Effective July 1, 2024, Connecticut is taking proactive steps against Elder Financial Abuse. In August 2023, Governor Ned Lamont signed into law Public Act 23-161, an act that encourages financial institutions to be watchful in identifying elder financial abuse cases. It permits banks and credit unions to suspend or hold transactions on an account for up to 45 days and be immune from liability that might otherwise come from denying immediate access to an accountholder’s money if the institution acted in good faith.

What is elder financial abuse? It occurs when someone illegally and improperly uses an elder’s – defined as a person 60 years or older – money or belongings for their own personal use. Situations where elder financial abuse occurs most often are with family, friends, staff members at nursing homes or assisted living facilities, and hired care givers. As the 65 and older population have grown rapidly since 2010, and with expectations this population will continue to increase to 72.1 million by 2030, it has become the fastest growing crime across the country. FinCEN conducted an analysis on elder financial exploitation using reports filed from June 15, 2022 to June 15, 2023. In a one-year period, there was $27 billion in suspicious activity.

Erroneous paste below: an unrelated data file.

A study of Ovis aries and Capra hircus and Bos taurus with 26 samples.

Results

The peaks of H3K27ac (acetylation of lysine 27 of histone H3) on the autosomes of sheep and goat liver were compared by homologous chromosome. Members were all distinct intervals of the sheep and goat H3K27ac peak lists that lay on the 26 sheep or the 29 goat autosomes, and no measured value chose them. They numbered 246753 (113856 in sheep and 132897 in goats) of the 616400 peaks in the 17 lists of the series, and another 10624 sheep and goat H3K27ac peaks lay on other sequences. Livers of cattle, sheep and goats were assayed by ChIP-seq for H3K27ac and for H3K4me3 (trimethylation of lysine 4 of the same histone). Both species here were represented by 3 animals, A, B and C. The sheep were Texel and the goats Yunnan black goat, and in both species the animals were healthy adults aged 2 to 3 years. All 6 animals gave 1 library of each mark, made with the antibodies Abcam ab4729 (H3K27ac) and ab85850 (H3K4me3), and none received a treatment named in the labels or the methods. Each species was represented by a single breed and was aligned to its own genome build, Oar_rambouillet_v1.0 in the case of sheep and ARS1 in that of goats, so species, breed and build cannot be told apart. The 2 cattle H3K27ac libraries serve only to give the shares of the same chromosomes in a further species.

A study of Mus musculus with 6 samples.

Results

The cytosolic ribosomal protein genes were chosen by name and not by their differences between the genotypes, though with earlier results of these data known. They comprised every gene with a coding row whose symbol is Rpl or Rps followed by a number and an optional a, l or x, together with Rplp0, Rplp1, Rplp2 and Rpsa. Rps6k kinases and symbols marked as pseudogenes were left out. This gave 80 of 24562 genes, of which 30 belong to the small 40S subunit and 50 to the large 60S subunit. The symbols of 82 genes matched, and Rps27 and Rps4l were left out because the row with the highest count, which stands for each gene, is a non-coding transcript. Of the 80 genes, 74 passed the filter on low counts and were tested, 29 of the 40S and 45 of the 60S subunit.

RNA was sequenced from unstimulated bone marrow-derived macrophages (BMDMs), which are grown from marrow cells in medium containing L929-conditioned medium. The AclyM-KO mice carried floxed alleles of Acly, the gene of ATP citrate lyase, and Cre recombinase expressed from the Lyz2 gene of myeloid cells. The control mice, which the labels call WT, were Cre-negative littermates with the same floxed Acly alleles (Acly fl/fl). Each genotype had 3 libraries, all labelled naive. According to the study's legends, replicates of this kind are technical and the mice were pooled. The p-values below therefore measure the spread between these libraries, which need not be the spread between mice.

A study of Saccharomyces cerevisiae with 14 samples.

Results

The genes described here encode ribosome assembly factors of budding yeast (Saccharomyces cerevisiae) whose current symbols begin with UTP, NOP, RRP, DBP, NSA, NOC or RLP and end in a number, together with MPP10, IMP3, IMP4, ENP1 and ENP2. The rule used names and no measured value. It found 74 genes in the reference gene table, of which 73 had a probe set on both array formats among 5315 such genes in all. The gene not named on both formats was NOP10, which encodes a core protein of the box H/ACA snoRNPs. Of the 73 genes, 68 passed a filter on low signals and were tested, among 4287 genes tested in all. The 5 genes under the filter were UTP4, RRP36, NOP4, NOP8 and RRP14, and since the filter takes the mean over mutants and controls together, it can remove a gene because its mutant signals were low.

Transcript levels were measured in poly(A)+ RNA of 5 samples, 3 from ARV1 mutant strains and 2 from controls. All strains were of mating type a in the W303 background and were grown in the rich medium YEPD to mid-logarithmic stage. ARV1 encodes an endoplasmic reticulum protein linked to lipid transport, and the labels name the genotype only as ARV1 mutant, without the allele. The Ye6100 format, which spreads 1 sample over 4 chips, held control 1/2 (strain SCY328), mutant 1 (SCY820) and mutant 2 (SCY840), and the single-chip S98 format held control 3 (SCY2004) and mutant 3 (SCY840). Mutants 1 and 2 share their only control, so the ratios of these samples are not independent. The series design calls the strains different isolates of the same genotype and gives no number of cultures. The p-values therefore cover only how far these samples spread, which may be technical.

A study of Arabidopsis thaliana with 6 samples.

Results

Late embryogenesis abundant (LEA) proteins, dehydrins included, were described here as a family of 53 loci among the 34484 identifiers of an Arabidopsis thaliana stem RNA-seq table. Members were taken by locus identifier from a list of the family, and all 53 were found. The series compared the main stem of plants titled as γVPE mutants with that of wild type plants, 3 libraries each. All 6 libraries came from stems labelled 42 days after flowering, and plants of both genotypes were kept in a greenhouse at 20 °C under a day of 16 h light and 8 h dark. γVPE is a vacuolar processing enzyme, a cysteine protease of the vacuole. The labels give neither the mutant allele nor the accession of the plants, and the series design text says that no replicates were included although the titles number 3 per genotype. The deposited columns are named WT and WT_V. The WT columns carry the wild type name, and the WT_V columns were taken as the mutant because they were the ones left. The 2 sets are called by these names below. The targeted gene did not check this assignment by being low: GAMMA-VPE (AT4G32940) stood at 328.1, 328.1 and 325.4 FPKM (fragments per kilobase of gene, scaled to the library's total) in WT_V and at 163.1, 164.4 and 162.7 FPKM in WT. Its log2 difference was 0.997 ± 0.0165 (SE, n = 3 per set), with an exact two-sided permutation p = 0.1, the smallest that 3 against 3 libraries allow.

If you suspect a loved one or individual is the victim of elder financial abuse, take these steps to report it:

  • If you suspect a victim is in immediate danger, call 911 or speak to local police for help.
  • If you suspect a victim is not in immediate danger, call Protective Services for the Elderly at the Department of Social Services.
    • Toll-Free during business hours: 1-888-385-4225.
    • After business hours, weekends or state holidays, please call the Infoline at 2-1-1.
    • You can also fill out a Report Form (W-675) and fax it to 860-424-5091. Please note, telephone reports are preferred.